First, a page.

Monday, May 16, 2011
Used car sales may be hit by amended Act
The sales of used cars in the country are likely to be affected this year due to the implementation of the amended Hire Purchase Act (HPA) 1967 from next month.
Federation of Motor and Credit Companies Association of Malaysia president Datuk Tony Khor said the amended HPA which required the used car dealer to refund 90% of the 1% deposit should the buyer decide not to buy the second hand car.
“The implementation of the amended HPA would create a situation that is not fair to both the customer and the used car dealer and it would slow down the transactions of used cars.
“Imagine these two scenarios. The used car dealer spends two weeks to a month to process the loan documents, reserve the vehicle for the customer and miss opportunities to sell it for a better price and he has to refund a substantial portion of the deposit if the customer changed his mind about buying the vehicle.
“This is not fair to the used car dealer who has wasted his time preparing the necessary sale and loan documents and missed better business opportunities.
“It is also not fair to the customer. If the customer can change his mind about buying the used car, then similarly the used car dealer can break his promise to reserve the vehicle for the customer and sell it at a higher price and he only needs to refund 90% of the deposit.
”The implementation will create a confusing and impractical situation as there is no longer any commitment from either the customer or the used car dealer and this will slow down used car transactions in the country.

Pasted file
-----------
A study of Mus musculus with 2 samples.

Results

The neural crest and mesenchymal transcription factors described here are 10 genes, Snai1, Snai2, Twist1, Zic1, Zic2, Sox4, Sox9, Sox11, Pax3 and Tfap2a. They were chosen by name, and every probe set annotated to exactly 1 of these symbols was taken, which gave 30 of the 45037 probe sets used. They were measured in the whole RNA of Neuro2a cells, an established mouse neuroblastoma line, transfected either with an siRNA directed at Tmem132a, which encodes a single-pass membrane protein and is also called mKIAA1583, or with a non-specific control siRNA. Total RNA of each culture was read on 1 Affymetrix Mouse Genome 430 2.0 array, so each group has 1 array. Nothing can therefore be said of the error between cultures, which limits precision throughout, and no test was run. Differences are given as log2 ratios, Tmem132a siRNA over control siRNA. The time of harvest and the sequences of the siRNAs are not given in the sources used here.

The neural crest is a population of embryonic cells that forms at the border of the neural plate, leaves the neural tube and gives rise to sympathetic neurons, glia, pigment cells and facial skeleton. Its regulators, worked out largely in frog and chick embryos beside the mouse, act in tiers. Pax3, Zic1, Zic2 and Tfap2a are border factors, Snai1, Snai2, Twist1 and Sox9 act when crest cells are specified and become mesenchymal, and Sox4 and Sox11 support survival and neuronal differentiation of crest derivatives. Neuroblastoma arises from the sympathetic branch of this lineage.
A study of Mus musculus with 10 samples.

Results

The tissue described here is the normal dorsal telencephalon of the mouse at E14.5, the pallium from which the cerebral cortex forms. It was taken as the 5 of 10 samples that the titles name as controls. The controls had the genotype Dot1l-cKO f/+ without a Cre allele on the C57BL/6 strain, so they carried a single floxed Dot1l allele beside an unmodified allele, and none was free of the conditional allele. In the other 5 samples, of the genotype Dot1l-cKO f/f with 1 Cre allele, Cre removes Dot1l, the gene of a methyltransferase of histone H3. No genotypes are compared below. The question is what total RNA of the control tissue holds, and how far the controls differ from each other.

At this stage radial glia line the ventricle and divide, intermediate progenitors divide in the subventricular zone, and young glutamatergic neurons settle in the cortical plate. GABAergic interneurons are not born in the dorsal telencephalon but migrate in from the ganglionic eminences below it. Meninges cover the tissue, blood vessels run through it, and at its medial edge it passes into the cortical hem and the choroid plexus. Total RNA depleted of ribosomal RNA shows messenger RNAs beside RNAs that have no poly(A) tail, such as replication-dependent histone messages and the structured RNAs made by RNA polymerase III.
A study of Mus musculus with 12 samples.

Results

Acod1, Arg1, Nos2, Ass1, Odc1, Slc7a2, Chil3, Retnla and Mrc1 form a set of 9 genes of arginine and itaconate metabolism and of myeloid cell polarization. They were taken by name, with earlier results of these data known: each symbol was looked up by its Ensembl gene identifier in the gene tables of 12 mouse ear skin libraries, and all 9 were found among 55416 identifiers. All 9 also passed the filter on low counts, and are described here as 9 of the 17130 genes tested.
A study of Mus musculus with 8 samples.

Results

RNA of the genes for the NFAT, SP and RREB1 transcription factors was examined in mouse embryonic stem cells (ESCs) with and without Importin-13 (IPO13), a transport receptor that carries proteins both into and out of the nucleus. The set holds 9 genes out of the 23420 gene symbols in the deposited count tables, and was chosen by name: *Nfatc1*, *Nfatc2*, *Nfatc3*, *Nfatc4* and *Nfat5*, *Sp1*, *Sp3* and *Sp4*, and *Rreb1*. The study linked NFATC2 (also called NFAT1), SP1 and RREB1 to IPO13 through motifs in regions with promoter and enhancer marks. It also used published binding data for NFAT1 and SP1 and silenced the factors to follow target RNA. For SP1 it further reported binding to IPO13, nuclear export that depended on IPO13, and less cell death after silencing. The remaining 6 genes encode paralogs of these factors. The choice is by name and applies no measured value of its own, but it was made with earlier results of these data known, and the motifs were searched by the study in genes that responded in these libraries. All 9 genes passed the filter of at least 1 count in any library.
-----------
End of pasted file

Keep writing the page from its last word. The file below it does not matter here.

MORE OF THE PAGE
”The act will not have a significant impact on the purchase of new cars,” Khor added.
Khor urged the Government to delay the implementation of the amended HPA to allow for more discussions to be held.
He also urged the Government to make the double inspections by Puspakom for used cars before they were transferred to a new ownership into a single inspection.
”This will save cost and time for buyers,” he added.
The used car industry was impacted by the removal of the voluntary scrap scheme in late 2009, which allowed car owners to turn in vehicles of more than 10 years for a RM5,000 discount to buy a new Proton or Perodua, Khor said.
“Last year, the used car industry did not achieve the targeted sales of 600,000 units as the voluntary scrap scheme was removed in late 2009.
“The sales of used cars for 2010 were about 480,000. We hope to maintain more or less the same figure this year, which could, however, be affected due to the implementation of the amended HPA.
”The voluntary scrap scheme should be revived and provide participants of the programme with a wider choice of completely-knocked-down cars to buy.
”This would increase the demand for more locally made automotive parts, hence creating more jobs.
“The voluntary scrap scheme's revival will boost domestic sales of new cars to one million yearly, compared with about 600,000 units yearly now.”